I paint the view from my window; one particular spot, determined by its position in the architecture of the house, I paint ochre. I say this is the colour I see this spot. That does not mean that I see the colour of ochre here, for in these surroundings this pigment may look lighter, darker, more reddish, (etc.). "I see this spot the way I have painted it here with ochre, namely as a strong reddish-yellow".

But what if someone asked me to give the exact shade of colour that I see there? — How should it be described and how determined? Someone could ask me to produce a colour sample (a rectangular piece of paper of this colour). I don't say that such a comparison would be utterly uninteresting, but it shows us that it isn't from the outset clear how shades of colour are to be compared and what "sameness of colour" means.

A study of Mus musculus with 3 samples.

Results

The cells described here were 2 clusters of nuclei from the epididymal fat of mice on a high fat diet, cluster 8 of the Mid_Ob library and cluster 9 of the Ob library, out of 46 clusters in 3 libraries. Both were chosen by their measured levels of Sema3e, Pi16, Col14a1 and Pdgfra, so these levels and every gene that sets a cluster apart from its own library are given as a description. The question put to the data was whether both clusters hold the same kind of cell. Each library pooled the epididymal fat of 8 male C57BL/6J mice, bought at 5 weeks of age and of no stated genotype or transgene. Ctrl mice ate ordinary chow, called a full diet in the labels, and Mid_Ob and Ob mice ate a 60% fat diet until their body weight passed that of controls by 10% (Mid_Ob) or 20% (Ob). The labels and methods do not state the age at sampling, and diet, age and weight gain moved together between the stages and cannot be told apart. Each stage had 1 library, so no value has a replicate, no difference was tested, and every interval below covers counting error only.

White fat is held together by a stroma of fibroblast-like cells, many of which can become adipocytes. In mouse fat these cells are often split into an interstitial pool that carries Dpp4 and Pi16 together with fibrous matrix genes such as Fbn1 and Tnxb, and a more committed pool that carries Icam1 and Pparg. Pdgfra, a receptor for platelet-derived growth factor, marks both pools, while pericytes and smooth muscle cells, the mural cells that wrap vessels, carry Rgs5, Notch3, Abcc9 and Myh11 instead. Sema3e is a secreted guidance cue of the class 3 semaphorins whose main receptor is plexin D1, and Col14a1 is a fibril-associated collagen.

Imagine a painting cut up into small, almost monochromatic bits which are then used as pieces in a jig-saw puzzle. Even when such a piece is not monochromatic it should not indicate any three-dimensional shape, but should appear as a flat colour-patch. Only together with the other pieces does it become a bit of blue-sky, a shadow, a high-light, transparent or opaque, etc. Do the individual pieces show us the real colours of the parts of the picture?

We are inclined to believe the analysis of our colour concepts would lead ultimately to the colours of places in our visual field, which are independent of any spatial or physical interpretation; for here there is neither light nor shadow, nor high-light, etc.,etc..

The fact that I can say this place in my visual field is grey-green does not mean that I know what should be called an exact reproduction of this shade of colour.